Wednesday 28 January 2015


Labour's desire to show itself respectable and safe by cosying up to business is based on a misconception of popular attitudes in the new politics. We're thinking of the old days when the middle class were pro business and "enterprise" but the state protected and helped the workers. So to win middle class votes we had to be nice to business and not frighten it by socialist horrors.

Those days are gone.The state has been so weakened that it hardly frightens anyone. In fact it needs rebuilding so that it can do its job, a need the middle class users of libraries, universities, culture, and all things civilised feel particularly strongly about. The new enemy is big business , big wealth, and big scale. It frightens both working and middle classes. Now they're in it together. 

Who caused the recession? Big banks .Who mistreats customers? Big utilities. Who cheats and cuts corners? Big business. Who buggers everyone about? All the above-on a big scale. Who sheds staff, pays low wages, goes for zero hours contracts, and generally treats its employees like morons? Big firms. Who's pushing up house prices beyond the real of real people? Big money. Who gets paid far too much and lavishes money on themselves? Big bosses.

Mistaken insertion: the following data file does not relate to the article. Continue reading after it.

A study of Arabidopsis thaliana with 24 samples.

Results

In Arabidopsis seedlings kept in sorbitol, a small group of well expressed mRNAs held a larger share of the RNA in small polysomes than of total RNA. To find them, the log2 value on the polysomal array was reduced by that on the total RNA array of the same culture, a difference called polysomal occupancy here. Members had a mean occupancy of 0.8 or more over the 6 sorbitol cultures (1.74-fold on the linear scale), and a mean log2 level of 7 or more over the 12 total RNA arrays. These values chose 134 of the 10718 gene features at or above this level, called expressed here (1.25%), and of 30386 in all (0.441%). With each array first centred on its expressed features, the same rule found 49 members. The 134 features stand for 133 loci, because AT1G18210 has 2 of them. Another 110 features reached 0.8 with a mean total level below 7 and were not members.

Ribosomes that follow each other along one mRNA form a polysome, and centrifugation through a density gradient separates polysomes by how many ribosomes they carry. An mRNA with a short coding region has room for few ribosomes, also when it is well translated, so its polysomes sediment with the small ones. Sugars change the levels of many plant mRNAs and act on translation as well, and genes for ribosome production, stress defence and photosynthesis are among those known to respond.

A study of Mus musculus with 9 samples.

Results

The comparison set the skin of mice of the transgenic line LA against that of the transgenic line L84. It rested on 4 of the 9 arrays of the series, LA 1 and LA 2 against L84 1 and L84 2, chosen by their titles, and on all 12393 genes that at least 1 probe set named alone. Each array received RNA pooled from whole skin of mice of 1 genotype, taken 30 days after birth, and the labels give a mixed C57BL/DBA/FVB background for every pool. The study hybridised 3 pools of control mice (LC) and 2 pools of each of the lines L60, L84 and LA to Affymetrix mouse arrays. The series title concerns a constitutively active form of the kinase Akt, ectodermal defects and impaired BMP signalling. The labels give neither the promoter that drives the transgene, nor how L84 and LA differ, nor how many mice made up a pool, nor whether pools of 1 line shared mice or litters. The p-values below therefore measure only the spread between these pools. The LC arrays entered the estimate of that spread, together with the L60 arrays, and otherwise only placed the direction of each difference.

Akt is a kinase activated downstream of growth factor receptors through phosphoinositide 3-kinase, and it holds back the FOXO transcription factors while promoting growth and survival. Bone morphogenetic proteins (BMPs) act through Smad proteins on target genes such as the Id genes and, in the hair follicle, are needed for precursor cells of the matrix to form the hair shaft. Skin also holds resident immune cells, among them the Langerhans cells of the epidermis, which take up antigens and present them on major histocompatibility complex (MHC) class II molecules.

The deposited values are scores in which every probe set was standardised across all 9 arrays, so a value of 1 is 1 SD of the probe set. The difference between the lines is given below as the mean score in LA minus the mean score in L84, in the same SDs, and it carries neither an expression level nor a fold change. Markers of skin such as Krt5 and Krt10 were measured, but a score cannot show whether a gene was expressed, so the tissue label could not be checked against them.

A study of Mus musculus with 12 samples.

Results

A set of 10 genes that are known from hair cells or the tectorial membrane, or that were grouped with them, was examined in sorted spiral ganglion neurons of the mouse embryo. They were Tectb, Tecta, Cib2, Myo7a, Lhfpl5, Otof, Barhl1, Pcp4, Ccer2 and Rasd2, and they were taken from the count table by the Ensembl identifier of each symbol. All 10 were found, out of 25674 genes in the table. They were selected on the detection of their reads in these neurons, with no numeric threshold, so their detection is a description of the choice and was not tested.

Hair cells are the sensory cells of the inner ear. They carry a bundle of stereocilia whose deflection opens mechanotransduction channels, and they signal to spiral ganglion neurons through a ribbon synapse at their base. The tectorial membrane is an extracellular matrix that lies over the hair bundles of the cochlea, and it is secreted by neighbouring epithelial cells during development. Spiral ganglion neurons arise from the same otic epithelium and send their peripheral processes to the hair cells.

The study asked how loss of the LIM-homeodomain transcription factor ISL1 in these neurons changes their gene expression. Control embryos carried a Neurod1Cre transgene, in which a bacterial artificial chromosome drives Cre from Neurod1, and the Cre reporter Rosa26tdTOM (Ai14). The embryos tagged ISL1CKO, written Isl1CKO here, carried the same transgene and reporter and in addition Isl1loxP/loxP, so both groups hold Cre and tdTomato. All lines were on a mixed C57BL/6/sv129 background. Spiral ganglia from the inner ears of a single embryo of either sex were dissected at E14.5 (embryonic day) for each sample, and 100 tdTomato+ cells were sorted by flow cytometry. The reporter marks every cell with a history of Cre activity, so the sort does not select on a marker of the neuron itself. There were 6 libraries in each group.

Everyone's fed up of all that. In begging for the approval of business Labour is aligning itself with the big boys not the people they trample on. Big mistake.In the American congressional elections those Democrats who took a populist line ,"the few the loud and the proud" who were aggressively populist and who attacked wealth and Wall St did well, Those who didn't didn't. In France the National Front is as anti-big as UKIP is here because it strikes a popular chord. In Greece Syriza won by attacking big EU and big austerity. In Spain Podemus shouts up for the same reasons. 

Why doesn't Labour learn the lesson ? An election isn't about how much they'll love us at the Lord Mayor's banquet. The better you do there in your stuffed shirt the more the rest will hate you for selling out. A party of the side of the people must attack the big beasts, not try to befriend them. They're the enemy of all. 

Populism pays. Brits may not be kind enough to the needy but they certainly hate the greedy and when greed rules it's not OK with them. Particularly is the majority lose out while the few enrich themselves.